To be successful at the proposed action, your roll must be equal to or exceed the DC set by the GM based on how hard the task or challenge is.
DC Guidelines & Examples
The following examples are based on the assumption that a singe roll is made, and describe the likelihood of being successful on the first attempt.
Given enough time and the right conditions, even an average person can succeed at a hard task.
Trivial (DC 7): In normal circumstances, a DC of 7 or lower represents a task that is so easy that it is not worth a check. You can almost always succeed automatically on a trivial task.
Easy (DC 10): An easy task requires a minimum level of competence to accomplish. Examples include treading water in rough conditions, climbing a tree with plenty of low branches or a cliff with plenty of handholds, walking across an icy floor, breaking open a stuck wooden door, trying to communicate a simple idea to someone that doesn’t share your language, or picking a cheap lock.
Moderate (DC 13): A moderate task requires a slightly higher level of competence to accomplish.
Climbing a rough wall, identifying an uncommon creature, and trying to befriend someone who doesn’t like you are all examples of moderately difficult tasks.
Hard (DC 16): Hard tasks include any effort that is beyond the capabilities of most people without aid or exceptional ability. Such tasks include battering down a heavy wooden door that is locked, swimming in stormy waters, ascending a sheer surface with scant handholds, balancing on a very narrow ledge, or picking a typical lock.
Very Hard (DC 19): Only very talented individuals need even try their hand at very hard tasks. Examples include identifying especially rare creatures, recalling esoteric information known only to a few, physically powering out of manacles, or picking a high quality lock.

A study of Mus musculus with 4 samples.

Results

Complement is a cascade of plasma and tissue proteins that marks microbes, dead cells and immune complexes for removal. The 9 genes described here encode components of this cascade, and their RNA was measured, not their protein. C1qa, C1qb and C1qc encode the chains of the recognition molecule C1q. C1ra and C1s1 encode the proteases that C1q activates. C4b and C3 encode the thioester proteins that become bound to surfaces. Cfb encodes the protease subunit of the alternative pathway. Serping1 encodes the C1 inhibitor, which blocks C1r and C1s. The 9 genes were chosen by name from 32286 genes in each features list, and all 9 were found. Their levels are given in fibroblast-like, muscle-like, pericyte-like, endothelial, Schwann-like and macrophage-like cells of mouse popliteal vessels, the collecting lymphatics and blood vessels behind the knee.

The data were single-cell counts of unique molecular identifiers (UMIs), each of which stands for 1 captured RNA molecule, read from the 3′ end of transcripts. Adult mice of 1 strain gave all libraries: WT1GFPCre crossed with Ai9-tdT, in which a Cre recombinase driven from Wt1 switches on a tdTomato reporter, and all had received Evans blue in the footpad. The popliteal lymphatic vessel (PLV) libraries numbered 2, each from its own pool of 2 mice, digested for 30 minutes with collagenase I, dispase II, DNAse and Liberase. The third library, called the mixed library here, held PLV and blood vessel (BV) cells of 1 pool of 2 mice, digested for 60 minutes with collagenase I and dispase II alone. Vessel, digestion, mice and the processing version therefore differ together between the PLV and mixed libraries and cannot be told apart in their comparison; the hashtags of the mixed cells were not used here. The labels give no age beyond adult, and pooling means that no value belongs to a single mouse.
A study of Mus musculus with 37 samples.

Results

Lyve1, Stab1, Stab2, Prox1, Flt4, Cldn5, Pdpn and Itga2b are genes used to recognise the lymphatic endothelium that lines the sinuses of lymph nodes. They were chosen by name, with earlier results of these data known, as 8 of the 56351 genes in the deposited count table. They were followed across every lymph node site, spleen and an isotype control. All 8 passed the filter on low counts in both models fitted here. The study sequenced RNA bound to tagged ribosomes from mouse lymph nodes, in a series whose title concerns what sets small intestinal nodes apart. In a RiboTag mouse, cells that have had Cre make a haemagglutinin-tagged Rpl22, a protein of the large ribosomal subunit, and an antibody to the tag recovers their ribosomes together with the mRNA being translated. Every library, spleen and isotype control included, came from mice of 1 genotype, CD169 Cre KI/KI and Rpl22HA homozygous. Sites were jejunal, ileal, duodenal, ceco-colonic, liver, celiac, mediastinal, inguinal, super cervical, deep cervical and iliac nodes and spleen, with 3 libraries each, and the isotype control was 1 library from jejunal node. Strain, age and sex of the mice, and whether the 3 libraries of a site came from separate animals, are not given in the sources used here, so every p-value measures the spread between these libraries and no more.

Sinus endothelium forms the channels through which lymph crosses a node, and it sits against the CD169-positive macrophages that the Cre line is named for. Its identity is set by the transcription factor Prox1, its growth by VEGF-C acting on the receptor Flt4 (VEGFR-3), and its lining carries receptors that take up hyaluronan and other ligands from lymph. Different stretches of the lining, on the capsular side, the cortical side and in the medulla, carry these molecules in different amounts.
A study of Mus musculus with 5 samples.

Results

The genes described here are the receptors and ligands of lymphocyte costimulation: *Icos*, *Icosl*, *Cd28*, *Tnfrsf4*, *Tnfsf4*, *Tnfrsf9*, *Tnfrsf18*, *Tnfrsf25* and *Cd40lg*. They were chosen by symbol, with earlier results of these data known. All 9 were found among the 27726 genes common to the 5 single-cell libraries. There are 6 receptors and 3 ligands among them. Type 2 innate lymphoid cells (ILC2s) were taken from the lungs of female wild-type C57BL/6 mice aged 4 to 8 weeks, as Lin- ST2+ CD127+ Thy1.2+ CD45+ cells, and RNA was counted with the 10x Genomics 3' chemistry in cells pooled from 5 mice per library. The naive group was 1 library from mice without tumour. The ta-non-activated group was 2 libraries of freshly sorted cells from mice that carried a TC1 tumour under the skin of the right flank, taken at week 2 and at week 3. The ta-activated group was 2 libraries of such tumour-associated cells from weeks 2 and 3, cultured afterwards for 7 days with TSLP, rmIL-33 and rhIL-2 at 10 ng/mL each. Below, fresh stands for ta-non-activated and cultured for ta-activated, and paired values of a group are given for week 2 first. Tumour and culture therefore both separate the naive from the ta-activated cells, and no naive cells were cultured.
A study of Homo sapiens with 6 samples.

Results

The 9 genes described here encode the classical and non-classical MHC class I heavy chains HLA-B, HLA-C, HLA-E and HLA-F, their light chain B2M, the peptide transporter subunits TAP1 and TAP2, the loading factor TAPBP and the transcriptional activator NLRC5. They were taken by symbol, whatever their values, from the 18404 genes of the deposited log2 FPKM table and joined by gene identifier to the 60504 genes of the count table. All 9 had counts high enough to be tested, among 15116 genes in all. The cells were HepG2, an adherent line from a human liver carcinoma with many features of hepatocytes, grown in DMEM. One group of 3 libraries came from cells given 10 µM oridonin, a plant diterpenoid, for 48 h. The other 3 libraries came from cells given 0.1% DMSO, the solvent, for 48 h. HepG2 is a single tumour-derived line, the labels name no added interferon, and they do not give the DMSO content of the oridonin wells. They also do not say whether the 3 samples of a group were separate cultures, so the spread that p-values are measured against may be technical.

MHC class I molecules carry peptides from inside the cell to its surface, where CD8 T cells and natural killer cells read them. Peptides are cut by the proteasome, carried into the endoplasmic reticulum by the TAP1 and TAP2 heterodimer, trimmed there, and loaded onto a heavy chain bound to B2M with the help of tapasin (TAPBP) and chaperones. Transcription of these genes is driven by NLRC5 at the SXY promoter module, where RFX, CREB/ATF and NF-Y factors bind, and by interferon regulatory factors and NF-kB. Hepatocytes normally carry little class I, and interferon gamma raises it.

Formidable (DC 22): Only the most highly trained, experienced, and talented individuals have a chance at success at a formidable task, and even then they probably need proper equipment. Examples include bashing open a heavy iron door that is locked or barred, climbing an oiled rope, identifying unique creatures, recalling esoteric information known to no one else alive, or disarming a very dangerous trap.
Nearly Impossible (DC 25): Tasks of this difficulty are so challenging that only creatures above human limitations can succeed without assistance.
Impossible: Some tasks don’t have a DC because they are impossible to perform. Climbing a perfectly flat and smooth surface, swimming up a waterfall or hiding in plain sight are some examples. However, some circumstances or special abilities may make the impossible possible.
Changing the DC
Sometimes a task may have a clearly defined DC, but there are factors that make it easier or more difficult. Unless the circumstance affects the performance of the person attempting the task, the GM should adjust the DC accordingly.
Although the GM can change the DC by whichever amount seems suitable, the fastest approach is to do one of the following:
- For each condition that makes the task more difficult to accomplish, raise the difficulty by one category (from Trivial to Easy, Easy to Moderate, Moderate to Hard, etc.).
- For each condition that makes the task easier to accomplish, lower the difficulty by one category (from Formidable to Very Hard, Very Hard to Hard, Hard to Moderate, etc.).
This is the same as adding or subtracting 3 to the base DC. You should raise and lower the DC how many times necessary to represent the conditions affecting the check.
Examples: battering down a locked heavy wooden door is Hard (DC 16). If the wood is in bad condition, however, it becomes a Moderate task (DC 13). Climbing a rough wall is a Moderate (DC 13) task, but if the wall surface is wet, it becomes Hard (DC 16).
A Nearly Impossible task that is increased by one category becomes Impossible. The reverse is also true.